More on the Public/Private University Resource Gap
Two higher education news stories leapt out at us this morning as emblematic:
- Pennsylvania Governor Tom Corbett announced 50 percent state funding cuts for four-year public institutions. The largest institution, Penn State, would see its state subsidy reduced from $465 million per year to $233 million. The University describes the proposed cuts as devastating: “A reduction of this magnitude would necessitate massive budget cuts, layoffs and tuition increases, with a devastating effect on many students, employees and their families,” said Al Horvath, senior vice president for Finance and Business. “While we have for many months been planning for a potential state funding cut, we could not have envisioned one so damaging to the future of the University and the Commonwealth.”
- Meanwhile, in Los Angeles, the University of Southern California kicked off the day with an announcement of a new, record high, unrestricted $200 million gift to the College of Letters, Arts and Sciences. The College will be named after the alumni donors, David and Dana Dornsife, who told the Los Angeles Times that they “had confidence in USC faculty and administrators to spend it wisely.” USC intends to use the money primarily to enhance the humanities and social sciences through faculty hiring, graduate fellowships and research funding.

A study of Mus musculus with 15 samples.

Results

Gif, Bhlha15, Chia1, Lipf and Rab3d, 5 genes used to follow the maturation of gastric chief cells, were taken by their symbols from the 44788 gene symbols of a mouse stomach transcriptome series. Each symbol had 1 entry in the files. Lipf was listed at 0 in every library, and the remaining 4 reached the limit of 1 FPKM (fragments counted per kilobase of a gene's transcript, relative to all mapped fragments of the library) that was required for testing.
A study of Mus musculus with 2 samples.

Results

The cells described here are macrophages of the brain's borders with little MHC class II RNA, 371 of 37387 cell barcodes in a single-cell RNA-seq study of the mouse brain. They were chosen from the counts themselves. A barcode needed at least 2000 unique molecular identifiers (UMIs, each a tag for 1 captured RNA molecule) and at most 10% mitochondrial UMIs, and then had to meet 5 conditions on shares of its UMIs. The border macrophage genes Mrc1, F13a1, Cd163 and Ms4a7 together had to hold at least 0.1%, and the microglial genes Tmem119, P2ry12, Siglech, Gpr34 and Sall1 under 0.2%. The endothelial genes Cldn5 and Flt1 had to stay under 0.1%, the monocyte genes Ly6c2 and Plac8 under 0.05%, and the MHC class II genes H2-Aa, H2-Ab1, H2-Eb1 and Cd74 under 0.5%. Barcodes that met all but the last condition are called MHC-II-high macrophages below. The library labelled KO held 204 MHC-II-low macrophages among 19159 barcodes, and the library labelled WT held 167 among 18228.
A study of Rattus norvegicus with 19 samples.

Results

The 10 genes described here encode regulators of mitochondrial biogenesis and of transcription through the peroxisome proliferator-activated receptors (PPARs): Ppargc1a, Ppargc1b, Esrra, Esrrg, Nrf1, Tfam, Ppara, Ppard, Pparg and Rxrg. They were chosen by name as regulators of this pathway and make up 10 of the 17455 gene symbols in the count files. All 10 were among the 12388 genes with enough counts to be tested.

As mentioned in yesterday’s post about faculty salaries, the growing resource gap between public and private institutions predates the Great Recession, which appears to be dramatically accelerating the existing trend. Read the 2009 Association of Public and Land-Grant Universities (APLU) report, Competitiveness of Public Research Universities & Consequences for the Country, to learn more about this concern: “from 1987 through 2006 revenue per student in private research universities in every revenue category except state funding has grown to be multiples of that available to the publics.”